This Thursday, September 13, has been designated by School Choice Week as School Choice Facts Day on Twitter. Tweeters the world over will be offering data, testimonials, and comments using the hashtag #SchoolChoiceFacts. I'll be joining in the discussion.
"School choice" is a broad term that refers to a set of policies meant to give families far more control over decisions about where their children attend school. Our present educational system is essentially a government-run monopoly for most families. Only the affluent can afford private school options, which are exceedingly rare in many communities. And many of the issues we face in public education, including our one-size-fits-all approach to both educational delivery and accountability, and the seeming impossibility for schools to innovate in ways that lead to more substantial gains in student achievement, can be easily explained, in part, by the government's monopoly on schooling.
School choice policies usually preserve the public good of education by letting money follow the student, rather than being doled out to local school districts. This allows private schools or public charter schools (where they are legal; in Kentucky there are not) to compete with local school districts for students. New educational markets can be opened up, with a much richer variety of schooling options available to all families. And schools can face the ultimate form of accountability: if they cannot draw students because families choose to send their children elsewhere, those schools go out of business.
Most people in the educational establishment - public school teachers (and their unions), administrators, and my colleagues in higher education - oppose school choice. I find that their views are usually misinformed about how school choice works, and I hope #SchoolChoiceFacts Day can help to dispell some myths and shed light on why a growing number of veteran educators like me are concluding that school choice is a good policy direction for Kentucky and for the nation as a whole.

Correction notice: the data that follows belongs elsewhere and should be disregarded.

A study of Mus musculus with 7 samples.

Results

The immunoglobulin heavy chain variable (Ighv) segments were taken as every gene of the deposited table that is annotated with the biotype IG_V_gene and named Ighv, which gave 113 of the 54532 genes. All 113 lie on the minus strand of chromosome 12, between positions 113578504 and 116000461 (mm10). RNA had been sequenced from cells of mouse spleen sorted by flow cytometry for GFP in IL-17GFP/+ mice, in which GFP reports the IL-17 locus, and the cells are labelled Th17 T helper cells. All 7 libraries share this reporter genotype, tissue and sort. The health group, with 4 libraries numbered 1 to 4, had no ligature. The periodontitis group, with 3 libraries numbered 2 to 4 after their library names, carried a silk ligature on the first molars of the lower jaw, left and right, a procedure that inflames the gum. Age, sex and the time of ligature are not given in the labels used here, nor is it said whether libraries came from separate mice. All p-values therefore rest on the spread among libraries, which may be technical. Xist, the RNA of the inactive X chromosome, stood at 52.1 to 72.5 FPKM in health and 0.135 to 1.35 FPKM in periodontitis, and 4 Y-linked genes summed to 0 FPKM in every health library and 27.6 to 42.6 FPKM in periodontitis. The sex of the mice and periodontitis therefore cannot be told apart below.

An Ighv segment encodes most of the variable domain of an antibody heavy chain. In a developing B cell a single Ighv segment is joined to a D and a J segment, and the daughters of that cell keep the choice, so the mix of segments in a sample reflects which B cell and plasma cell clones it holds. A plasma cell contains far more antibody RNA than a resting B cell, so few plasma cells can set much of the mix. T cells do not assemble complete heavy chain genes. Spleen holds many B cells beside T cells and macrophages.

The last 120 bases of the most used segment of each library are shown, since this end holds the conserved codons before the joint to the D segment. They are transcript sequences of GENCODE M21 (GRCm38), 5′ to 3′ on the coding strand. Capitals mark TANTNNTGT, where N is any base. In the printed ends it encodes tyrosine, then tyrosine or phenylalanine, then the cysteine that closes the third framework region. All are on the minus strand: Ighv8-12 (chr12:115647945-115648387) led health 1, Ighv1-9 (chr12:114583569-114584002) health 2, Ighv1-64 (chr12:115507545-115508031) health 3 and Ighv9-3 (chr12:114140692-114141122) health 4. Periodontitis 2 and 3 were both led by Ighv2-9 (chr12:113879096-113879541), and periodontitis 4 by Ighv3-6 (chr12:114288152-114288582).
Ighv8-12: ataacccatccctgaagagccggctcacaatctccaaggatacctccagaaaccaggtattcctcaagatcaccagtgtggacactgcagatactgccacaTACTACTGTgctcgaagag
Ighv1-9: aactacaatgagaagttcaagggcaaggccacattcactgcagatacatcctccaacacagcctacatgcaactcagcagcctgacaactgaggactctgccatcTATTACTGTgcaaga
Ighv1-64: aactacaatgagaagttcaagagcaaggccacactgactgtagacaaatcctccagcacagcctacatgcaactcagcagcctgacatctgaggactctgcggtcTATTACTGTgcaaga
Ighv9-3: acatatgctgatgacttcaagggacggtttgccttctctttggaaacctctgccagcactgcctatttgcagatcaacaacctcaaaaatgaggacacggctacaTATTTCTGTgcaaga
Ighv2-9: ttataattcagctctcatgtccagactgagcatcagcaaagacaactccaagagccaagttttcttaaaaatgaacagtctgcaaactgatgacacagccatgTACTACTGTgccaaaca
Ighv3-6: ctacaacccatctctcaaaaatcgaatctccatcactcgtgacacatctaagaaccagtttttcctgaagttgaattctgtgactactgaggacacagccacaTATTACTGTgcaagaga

Among the things I'll be tweeting about tomorrow are the following:
- Read my debate with James Harvey in Educational Leadership magazine here and here.
- Kentucky is currently one of only nine states that prohibit public charter schools. Here's why charters would be good for Kentucky's families.
- Kentucky's new "districts of innovation" bill is no substitute for school choice.
- Most research studies on charter schools have serious methodological flaws. The ones that are rigorous and sound, however, show that charter schools kids do as well or better than their traditional school counterparts.
- Research indicates that teaching conditions are as good or better in most charter schools, though charter teachers report higher levels of participation in schoolwide decision making (and longer work hours).
- There's nothing "magical" about charter schools. Some will be great and some will fail. But school choice is nevertheless a good thing and leads to better living in every other segment of the economy. As the Cato Institute's Neal McCluskey has pointed out, to oppose school choice means to endorse something that looks like the old Soviet economy - applied to schooling.
- School choice could open up innovative educational approaches like the Montessori method to more kids. Read a review of Trevor Eissler's book Montessori Madness and how public schools in Jefferson County are giving the Montessori method a go. See Trevor's interview series on Montessori here.
- Why school choice might be the only thing that can change the structure of schools, and why the structure of schools is actually opposed to its mission.
- What does school choice have to do with super-size softdrinks: a meditation on educational paternalism.
- How school choice could be a substitute for high-stakes testing and other ill-conceived ideas.
- How acting like parents have a choice - even when they don't - could improve education.